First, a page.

A New York City man who was at most guilty of selling loose cigarettes on the street was tackled and placed in a chokehold by a police officer in late August. The man, Eric Garner, protested that he couldn’t breathe, but the officer with his arm around Garner’s didn’t let up. Today, a grand jury announced that it would not indict the officer, Daniel Pantaleo.
The lack of indictment comes just a week after a grand jury in Ferguson, Missouri, did not indict a police officer there, Darren Wilson, for his role in the shooting death of an unarmed teenager, Michael Brown. Both Eric Garner and Michael Brown are black and their deaths, within just days of each other in August, helped reignite a national conversation—as well as protests—about disproportionate police violence against the black community. At a time when black men are killed by police with disturbing regularity, Garner and Brown’s deaths added urgency to a long-simmering but woefully unaddressed crisis.
I’ll leave it to the legal analysts to rehash the evidence presented to the Pantaleo grand jury. Hopefully there will be a transparent accounting of what was introduced. But the fact that two grand juries in fairly rapid succession have failed to indict police officers involved in highly questionable deaths of unarmed black men should give us all pause. In Panaleo’s case, the grand jury’s refusal to indict him despite his use of dangerous and violent tactics doesn’t pass the smell test. Add in historic patterns of NYPD abuse against black men in New York—Amadou Diallo, Abner Loiuma, stop and frisk generally—and the lack of an indictment downright stinks.
Combined, the two cases suggest that more should be done to decouple criminal investigations of police abuse from the conventional prosecutorial system. Attorneys who usually work hand-in-hand with the police in pursuing other criminal cases can’t honestly be expected to be impartial and aggressive in then prosecuting those same officers. It’s worth noting that when prosecutors nationwide decide to bring charges before a grand jury, they usually succeed. In 2010, for instance, federal prosecutors sought indictments in about 162,000 cases and in only 11 cases did grand juries not return indictments. In the face of those statistics, these two non-indictments are glaring.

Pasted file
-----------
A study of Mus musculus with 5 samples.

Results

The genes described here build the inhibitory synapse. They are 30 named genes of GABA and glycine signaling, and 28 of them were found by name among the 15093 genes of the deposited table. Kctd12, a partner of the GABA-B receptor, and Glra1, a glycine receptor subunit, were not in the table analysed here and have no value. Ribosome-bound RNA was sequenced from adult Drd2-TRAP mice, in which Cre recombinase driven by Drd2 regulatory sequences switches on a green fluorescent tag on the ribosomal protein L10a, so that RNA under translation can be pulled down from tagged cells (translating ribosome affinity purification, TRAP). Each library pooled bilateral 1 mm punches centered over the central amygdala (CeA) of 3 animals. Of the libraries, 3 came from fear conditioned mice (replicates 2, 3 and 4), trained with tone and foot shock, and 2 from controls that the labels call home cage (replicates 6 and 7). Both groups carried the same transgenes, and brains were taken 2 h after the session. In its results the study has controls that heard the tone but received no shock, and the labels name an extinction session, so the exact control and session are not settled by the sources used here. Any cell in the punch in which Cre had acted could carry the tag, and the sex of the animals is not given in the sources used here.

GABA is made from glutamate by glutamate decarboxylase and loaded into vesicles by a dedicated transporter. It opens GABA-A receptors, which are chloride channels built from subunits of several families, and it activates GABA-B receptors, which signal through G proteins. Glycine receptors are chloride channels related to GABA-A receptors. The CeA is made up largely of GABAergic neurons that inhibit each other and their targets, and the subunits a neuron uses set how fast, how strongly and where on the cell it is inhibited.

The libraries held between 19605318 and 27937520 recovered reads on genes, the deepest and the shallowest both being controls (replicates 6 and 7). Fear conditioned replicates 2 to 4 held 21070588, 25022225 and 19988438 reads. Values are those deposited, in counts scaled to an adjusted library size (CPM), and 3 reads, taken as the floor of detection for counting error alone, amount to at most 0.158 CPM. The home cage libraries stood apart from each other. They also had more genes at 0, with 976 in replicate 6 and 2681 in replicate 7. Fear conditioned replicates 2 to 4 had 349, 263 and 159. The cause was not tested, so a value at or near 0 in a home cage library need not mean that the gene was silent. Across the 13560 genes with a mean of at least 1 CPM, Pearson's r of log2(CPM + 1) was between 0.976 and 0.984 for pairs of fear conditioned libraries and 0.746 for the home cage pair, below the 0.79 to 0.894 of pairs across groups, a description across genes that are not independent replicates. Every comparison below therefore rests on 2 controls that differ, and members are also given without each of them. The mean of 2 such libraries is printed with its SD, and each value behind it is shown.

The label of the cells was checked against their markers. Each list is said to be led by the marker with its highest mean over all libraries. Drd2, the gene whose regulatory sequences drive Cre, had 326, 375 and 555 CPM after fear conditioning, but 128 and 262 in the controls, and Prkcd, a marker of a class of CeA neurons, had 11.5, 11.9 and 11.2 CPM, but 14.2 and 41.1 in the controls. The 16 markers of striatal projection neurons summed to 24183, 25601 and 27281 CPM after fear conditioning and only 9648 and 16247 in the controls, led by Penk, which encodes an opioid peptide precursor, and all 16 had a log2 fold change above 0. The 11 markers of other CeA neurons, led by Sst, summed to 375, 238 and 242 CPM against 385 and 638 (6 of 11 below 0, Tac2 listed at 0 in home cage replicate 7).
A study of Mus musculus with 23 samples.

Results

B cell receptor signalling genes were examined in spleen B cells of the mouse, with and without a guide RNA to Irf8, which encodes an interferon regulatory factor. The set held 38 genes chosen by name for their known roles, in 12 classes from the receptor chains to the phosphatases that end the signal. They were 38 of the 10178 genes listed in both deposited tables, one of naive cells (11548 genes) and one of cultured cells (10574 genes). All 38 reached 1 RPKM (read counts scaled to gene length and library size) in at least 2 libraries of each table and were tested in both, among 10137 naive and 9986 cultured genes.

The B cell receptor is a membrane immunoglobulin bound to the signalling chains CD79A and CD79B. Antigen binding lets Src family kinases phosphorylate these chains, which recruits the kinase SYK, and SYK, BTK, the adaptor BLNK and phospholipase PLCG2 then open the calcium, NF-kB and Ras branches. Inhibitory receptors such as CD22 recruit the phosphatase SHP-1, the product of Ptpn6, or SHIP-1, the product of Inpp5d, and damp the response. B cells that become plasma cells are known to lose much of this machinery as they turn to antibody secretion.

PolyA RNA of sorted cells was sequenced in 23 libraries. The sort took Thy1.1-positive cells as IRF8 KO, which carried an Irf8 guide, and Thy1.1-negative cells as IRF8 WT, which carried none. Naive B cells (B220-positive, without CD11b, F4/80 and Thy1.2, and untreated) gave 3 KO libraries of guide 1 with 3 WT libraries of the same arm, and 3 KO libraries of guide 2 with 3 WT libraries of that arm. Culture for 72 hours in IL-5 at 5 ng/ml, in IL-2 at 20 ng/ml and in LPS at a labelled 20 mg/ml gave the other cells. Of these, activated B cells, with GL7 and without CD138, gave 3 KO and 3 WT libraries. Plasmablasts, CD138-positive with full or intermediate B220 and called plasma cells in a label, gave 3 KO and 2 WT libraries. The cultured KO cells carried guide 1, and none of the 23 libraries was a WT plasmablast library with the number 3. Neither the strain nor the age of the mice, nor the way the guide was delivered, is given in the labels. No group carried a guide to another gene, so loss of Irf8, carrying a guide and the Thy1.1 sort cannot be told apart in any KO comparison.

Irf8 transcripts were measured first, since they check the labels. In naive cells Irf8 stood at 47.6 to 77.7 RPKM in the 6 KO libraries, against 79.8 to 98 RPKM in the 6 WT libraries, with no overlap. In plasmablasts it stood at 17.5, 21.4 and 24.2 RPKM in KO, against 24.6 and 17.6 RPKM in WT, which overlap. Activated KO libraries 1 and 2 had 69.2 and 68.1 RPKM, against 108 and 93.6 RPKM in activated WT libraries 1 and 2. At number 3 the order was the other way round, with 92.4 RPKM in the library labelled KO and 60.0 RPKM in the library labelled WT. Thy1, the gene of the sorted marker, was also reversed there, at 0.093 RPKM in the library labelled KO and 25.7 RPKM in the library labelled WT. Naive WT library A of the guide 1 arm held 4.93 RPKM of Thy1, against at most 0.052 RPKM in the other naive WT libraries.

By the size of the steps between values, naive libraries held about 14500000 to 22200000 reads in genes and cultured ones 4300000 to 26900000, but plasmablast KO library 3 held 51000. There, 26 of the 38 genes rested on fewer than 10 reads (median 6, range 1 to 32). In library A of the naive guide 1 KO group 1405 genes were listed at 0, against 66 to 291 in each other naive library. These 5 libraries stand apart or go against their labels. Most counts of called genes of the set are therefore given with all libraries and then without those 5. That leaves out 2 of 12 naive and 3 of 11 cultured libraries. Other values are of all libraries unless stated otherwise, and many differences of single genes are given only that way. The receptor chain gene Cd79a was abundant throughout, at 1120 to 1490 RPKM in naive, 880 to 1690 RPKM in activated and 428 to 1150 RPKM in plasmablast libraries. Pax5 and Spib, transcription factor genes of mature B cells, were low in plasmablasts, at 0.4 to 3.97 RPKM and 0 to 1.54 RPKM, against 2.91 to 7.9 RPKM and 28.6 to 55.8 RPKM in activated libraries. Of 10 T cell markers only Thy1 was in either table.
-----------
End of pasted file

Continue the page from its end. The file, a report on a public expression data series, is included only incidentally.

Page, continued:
Even worse, the failure to indict the officers who killed both Eric Garner and Michael Brown deprives their communities of the transparency and accountability that trials ensure. No one is saying that the officers should be tried if there’s not sufficient evidence, but many legal analysts have agreed there’s enough in both cases to at least warrant a trial. There are questions about facts in terms of both Michael Brown and Eric Garner’s movements before their death, questions of fact that should be debated in a court. There are questions about the officers’ states of mind—questions that could be fleshed out and better understood if the cases went to trial.
But the lack of indictments, now twice in a row, seems to add insult to injury—that not only are black men routinely, disproportionately victimized by the police but they are victimized by a legal system that refuses to hold the police accountable.